Orbach's role became iconic

Appreciation

Jerry Orbach dies at 69

Appreciation

December 30, 2004|By David Zurawik | David Zurawik,SUN TELEVISION CRITIC

Jerry Orbach earned a Tony Award for his work on Broadway and critical acclaim for his film performance in Woody Allen's Crimes and Misdemeanors. But it is his portrayal of the stoop-shouldered, cynical, world-weary New York Detective Lennie Briscoe on television's longest-running drama, NBC's Law & Order, for which he will be most widely remembered.

Orbach, who died Tuesday in Manhattan of prostate cancer at age 69, took a thinly sketched TV character and gave it a soul. With an arched eyebrow here, a wisecrack there - and always an uncompromised investigation - Briscoe came to represent the triumph of simple decency and an honest day's hard work over pretense, privilege and lies in a 1990s Manhattan that seemed to be bursting at the seams with murder and greed.

"Jerry Orbach gave a very moral performance in Law & Order, and, as a result, Briscoe became a moral icon in that fictional universe," said David Simon, who wrote and produced one of the crossover episodes between Law & Order and NBC's Homicide: Life on the Street that featured Briscoe in 1999.

"But Briscoe only worked as an icon because, as an actor, Orbach had such a great emotional gyroscope," Simon added. "He was not given to excessive sentiment or melodrama. His performance totally grounded the show. You believed in the moral icon, because you believed in Briscoe as a person."

Orbach himself said in an interview last year with The Sun that after 12 years of playing the hard-bitten, unlucky-in-love detective, he was no longer sure of where he ended and Briscoe began. "But I have absolutely no complaints. Playing this guy has provided a stability that I never imagined."

Born Oct. 20, 1935, in the Bronx to a German-Jewish father who performed in vaudeville and a Polish-Catholic mother who sang on stage and radio, Orbach knew little stability as a child. The family moved frequently in search of stage work before settling in Waukegan, Ill., just as Orbach was about to start high school.

Orbach said he learned to act by being a "chameleon" as a child - always "the new kid at school" trying to fit in. He spent one year at the University of Illinois, and another at Northwestern University studying drama, before leaving school to try his luck in New York in 1955.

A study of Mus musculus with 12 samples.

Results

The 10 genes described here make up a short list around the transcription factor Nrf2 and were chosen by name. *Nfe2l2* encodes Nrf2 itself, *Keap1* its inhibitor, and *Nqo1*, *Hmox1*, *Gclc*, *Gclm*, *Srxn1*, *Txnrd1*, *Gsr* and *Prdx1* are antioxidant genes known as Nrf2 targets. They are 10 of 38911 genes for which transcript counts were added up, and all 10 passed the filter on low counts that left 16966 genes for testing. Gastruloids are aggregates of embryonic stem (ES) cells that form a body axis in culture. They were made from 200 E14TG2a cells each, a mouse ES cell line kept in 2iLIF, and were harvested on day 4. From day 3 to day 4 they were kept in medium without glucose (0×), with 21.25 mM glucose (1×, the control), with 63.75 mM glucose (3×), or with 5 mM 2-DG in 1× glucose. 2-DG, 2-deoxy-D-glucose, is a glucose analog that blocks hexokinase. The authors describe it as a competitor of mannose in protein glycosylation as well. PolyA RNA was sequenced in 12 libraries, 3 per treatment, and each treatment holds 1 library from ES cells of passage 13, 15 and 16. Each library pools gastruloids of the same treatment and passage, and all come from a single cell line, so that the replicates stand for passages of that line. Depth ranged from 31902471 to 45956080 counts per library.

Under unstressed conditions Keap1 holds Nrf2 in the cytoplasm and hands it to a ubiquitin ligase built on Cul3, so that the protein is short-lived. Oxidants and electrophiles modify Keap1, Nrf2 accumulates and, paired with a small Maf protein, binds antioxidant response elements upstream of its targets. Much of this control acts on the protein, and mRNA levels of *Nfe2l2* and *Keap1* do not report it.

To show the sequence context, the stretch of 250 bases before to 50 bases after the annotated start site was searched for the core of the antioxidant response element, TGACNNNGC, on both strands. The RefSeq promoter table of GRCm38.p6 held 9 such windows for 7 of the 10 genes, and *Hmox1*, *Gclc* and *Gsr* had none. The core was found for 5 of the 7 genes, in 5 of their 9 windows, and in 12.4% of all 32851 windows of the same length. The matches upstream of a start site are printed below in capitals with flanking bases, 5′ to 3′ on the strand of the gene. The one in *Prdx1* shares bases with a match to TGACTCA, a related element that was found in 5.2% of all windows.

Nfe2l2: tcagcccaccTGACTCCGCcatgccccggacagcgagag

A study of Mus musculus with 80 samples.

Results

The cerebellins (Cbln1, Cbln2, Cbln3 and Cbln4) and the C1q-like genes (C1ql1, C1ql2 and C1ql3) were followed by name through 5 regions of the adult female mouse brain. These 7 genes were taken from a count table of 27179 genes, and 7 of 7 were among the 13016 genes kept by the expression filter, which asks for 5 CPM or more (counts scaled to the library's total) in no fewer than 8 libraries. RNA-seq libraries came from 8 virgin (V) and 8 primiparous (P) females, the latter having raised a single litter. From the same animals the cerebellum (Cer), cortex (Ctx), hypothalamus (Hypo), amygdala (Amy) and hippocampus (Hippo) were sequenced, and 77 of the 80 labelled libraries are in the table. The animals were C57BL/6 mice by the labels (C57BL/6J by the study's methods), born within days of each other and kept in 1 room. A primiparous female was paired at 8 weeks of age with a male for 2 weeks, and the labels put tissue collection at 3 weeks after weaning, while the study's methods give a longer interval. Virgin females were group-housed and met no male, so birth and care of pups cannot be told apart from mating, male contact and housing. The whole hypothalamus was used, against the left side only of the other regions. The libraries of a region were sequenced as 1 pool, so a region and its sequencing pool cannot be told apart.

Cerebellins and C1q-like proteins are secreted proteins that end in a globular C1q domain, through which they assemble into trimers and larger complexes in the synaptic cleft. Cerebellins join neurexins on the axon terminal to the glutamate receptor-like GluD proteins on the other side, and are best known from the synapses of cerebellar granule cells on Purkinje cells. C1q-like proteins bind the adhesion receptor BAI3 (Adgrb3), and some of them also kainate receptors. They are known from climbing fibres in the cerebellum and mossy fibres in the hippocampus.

He struck paydirt in 1960 in the off-Broadway production of The Fantasticks, which went on to become one of the longest-running plays in New York theater history. Orbach originated the role of El Gallo singing "Try to Remember," and was launched on a dazzling career of song and dance that extended into the 1990s.

He won a Tony Award in 1969 as Chuck Baxter in Promises, Promises, Neil Simon's musical re-invention of Billy Wilder's feature film, The Apartment. In 1975, he was the first to play hype-and-hustle attorney Billy Flynn in Chicago, alongside Gwen Verdon and Chita Rivera in an all-star cast. Orbach also originated the role of hardball producer Julian Marsh in the blockbuster 42nd Street, which opened in 1980 and ran for more than 3,400 performances.

His film career always played second fiddle to his work on Broadway, but Orbach did appear in a few noteworthy movies: Prince of the City (1981), Dirty Dancing (1987), Mr. Saturday Night (1992), and a voice role in which he sang "Be Our Guest" in the animated Beauty and the Beast (1991).

And it was a movie role that paved the way for his later triumph in TV: his supporting performance as New York Detective Gus Levy in Prince of the City, a searing study of corruption by director Sidney Lumet.

"The movie changed my image," Orbach said. "Both people in the audience and people in the business said, `Oh, he's not just a song and dance guy - he can act.'"

One of those people was Dick Wolf, who in 1990 created and launched Law & Order, a procedural cop show and legal drama, on NBC. Two years later when Paul Sorvino left the cast, Wolf came calling on Orbach, and Briscoe was born.

On a show known as a revolving door for actors, the seen-it-all, Jewish detective with the unfailing moral compass graced TV's 27th Precinct for 12 seasons before leaving in May with the promise to return next year in the spinoff, Law & Order: Trial By Jury. "I guess I'm the guy who proves you can have a decent career with Dick Wolf," Orbach said. Several episodes with Briscoe playing a supporting role have been filmed and will air when the new series debuts.

"I'm immensely saddened by the passing of not only a friend and colleague, but a legendary figure of show business," Wolf said in a statement yesterday. "His loss is irreplaceable."

Marquee lights were dimmed last night for one minute on Broadway in memory of Orbach.

"He was captivating to watch - both on-camera and off," Simon said yesterday. "He was so charming and graceful and full of stories - Broadway stories, New York stories, set pieces that he told like a standup comic until you were laughing so hard you couldn't get air. His performance as Briscoe perfectly captured the tonality of a veteran New York City cop, and as such, was the bedrock of the best years of that show."